Commissioner of Agriculture Adam H. Putnam announced today the Florida Department of Agriculture and Consumer Services is now accepting applications for $4 million in expected federal funding for the Florida Specialty Crop Block Grant program. The deadline to submit an application to the Specialty Crop Block Grant Program is Jan. 11, 2019.
The grant, from the U.S. Department of Agriculture, will be awarded to nonprofits, producers, academic institutions, government agencies and others to fund projects that will enhance the competitiveness of Florida’s specialty crops, which include fruits and vegetables, dried fruit, tree nuts, horticulture and nursery crops.
The 2019 Florida Specialty Crop Block Grant Program will accept applications for projects pertaining to the following issues:
- Increased child and adult nutrition knowledge and consumption of specialty crops.
- Improved efficiency and reduction of costs of distribution systems.
- Assistance for all entities in the specialty crop distribution chain in developing “Good Agricultural Practices,” “Good Handling Practices,” “Good Manufacturing Practices” and cost-share arrangements for funding audits of such systems for small farmers, packers and processors.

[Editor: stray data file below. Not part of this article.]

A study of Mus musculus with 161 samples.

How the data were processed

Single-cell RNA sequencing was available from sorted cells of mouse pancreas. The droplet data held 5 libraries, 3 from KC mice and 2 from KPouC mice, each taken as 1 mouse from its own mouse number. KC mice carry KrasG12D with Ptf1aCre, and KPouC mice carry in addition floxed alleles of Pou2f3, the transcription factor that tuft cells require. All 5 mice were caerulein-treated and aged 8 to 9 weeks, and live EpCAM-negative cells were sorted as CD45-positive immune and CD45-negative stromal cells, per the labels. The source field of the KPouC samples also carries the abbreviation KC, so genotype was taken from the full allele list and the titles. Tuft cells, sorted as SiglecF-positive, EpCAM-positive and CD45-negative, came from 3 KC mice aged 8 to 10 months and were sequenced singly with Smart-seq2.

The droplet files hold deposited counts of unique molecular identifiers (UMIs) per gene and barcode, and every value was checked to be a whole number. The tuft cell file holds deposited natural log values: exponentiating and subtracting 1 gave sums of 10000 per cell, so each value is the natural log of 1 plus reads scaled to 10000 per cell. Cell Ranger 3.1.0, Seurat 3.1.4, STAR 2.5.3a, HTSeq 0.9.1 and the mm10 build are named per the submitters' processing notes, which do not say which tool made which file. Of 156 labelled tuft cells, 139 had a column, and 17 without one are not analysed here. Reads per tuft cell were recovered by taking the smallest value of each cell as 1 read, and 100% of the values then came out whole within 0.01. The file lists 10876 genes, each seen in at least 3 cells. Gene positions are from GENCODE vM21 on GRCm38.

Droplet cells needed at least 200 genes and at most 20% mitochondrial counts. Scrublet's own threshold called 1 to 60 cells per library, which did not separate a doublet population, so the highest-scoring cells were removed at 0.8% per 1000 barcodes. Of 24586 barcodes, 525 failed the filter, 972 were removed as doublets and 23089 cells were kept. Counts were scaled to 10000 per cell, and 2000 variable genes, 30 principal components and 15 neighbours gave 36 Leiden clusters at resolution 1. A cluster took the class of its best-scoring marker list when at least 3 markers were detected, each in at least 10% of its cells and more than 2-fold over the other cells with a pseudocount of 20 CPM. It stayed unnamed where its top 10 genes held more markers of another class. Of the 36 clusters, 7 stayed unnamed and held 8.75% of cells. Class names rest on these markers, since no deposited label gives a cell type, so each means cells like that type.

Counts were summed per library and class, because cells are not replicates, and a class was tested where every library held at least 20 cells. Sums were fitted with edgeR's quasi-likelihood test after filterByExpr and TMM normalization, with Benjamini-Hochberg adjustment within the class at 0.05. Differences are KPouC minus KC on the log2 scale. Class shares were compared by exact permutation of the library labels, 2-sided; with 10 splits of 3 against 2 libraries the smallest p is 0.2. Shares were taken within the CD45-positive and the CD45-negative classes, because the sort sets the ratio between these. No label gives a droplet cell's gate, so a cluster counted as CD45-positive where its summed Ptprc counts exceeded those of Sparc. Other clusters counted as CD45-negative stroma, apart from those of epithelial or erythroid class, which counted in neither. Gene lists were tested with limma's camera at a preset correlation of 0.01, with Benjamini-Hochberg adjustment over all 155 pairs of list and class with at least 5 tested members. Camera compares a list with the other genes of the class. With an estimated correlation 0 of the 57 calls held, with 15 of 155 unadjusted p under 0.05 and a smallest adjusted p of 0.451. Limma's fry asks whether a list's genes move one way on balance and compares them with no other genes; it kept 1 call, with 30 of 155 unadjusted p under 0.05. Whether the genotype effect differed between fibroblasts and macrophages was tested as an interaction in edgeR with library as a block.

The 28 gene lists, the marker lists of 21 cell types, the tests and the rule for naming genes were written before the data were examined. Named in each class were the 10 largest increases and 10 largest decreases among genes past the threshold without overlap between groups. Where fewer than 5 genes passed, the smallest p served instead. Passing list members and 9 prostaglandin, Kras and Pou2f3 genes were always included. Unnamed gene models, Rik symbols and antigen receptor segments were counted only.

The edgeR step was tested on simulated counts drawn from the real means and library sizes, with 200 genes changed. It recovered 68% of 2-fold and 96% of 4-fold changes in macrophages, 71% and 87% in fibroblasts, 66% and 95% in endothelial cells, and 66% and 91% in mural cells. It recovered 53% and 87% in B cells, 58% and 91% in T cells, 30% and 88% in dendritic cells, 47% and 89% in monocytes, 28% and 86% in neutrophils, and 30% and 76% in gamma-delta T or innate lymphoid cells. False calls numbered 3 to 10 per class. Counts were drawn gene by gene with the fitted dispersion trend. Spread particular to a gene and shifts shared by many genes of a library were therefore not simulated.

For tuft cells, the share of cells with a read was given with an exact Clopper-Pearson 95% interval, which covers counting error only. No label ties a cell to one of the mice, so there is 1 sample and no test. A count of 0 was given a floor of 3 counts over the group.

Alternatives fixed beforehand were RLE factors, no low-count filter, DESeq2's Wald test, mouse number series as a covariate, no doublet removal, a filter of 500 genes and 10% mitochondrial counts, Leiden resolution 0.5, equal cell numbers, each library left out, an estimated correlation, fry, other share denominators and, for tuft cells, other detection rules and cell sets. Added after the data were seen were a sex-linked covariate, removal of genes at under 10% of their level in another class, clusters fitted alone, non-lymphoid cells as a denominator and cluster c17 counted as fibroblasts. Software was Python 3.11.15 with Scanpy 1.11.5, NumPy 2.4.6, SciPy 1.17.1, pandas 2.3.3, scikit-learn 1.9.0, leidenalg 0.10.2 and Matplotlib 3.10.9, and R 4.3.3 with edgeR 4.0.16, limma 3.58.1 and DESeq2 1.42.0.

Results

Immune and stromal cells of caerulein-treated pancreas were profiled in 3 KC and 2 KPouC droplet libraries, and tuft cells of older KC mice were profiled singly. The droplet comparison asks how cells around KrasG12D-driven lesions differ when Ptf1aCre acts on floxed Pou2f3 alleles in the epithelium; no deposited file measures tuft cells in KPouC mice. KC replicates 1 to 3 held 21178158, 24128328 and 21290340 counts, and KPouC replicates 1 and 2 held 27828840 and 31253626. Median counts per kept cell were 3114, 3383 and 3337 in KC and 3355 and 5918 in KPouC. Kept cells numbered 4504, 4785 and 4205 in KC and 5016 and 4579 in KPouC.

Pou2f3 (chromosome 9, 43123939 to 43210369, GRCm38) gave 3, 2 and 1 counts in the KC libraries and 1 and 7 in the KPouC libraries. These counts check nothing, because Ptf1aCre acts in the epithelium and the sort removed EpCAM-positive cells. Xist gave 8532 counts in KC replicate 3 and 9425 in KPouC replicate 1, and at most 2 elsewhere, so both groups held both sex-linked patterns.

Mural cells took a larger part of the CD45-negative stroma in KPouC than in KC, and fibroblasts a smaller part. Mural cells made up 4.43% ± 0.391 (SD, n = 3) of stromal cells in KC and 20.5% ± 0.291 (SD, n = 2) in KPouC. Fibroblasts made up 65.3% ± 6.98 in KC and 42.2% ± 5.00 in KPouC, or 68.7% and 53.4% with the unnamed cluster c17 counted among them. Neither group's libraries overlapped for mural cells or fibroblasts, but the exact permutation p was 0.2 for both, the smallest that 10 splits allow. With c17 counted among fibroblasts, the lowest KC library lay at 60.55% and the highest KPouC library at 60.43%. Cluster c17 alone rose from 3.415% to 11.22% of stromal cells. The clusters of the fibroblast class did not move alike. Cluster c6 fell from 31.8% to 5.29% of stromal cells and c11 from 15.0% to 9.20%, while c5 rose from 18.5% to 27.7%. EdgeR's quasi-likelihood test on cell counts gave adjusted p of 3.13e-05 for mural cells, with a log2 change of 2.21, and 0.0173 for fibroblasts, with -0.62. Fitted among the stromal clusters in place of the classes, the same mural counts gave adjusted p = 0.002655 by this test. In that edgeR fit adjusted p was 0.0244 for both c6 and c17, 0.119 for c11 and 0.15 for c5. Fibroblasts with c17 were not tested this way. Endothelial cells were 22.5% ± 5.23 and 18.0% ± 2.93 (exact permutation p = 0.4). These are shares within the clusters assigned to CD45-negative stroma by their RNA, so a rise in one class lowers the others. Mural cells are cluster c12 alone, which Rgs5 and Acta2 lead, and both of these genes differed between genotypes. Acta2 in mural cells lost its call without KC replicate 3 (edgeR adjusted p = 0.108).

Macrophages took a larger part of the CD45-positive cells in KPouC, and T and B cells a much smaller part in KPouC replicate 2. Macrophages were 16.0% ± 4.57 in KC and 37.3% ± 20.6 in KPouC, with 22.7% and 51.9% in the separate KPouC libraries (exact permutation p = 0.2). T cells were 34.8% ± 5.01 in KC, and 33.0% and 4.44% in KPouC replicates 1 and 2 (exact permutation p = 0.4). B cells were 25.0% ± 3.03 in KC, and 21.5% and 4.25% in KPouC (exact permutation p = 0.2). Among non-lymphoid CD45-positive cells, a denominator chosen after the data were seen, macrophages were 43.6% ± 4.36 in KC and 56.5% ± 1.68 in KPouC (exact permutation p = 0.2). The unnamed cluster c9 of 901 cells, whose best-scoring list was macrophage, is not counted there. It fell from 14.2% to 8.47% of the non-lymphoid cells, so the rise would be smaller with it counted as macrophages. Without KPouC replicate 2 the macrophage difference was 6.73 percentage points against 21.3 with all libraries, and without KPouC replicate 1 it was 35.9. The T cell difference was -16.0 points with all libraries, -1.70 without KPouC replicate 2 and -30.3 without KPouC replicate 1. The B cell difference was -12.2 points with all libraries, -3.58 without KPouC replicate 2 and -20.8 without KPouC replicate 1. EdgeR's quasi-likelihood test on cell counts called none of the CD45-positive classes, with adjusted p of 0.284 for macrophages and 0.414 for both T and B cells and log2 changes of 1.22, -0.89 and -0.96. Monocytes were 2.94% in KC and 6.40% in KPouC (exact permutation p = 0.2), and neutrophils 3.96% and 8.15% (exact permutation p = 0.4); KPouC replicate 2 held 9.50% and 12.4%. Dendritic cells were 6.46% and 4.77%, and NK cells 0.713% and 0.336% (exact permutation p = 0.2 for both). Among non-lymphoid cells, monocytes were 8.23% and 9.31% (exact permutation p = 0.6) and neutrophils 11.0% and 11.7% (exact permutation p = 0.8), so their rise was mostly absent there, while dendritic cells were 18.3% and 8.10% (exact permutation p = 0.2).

- Investment in specialty crop research, including research to focus on conservation and environmental outcomes.
- Increased food safety.
- Development of new and improved seed varieties and specialty crops.
- Pest and disease control.
- Development of organic and sustainable production practices.
The following have been identified as funding priorities for the 2019 Florida Specialty Crop Block Grant Program:
- Projects with immediate benefit to the public or agriculture industry.
- Projects that expand child and adult knowledge of nutritional benefits, improve access and increase consumption for Florida specialty crops.
- Projects that increase sales and marketability and drive demand for commercially-grown specialty crops.
- Projects to bolster local food systems, such as “buy local produce” programs for schools, prisons, hospitals, restaurants, businesses and others, as well as increased specialty crop sales for community supported agriculture organizations.
- Projects to help specialty crop growers reduce the financial cost or environmental impact of their operations, including improved pest and disease management techniques, efficient water management, integrated pest management, organic or sustainable production, native plant horticulture, protected agriculture and others.
- Major considerations also include the overall economic benefit to the Florida specialty crop industry and whether the project makes good business sense, has a high likelihood of success and the expected benefits align with the proposed budget.
The department and an external review committee that is representative of Florida’s specialty crop industry will review grant applications. Pending USDA approval, funded projects are anticipated to begin by January 2020.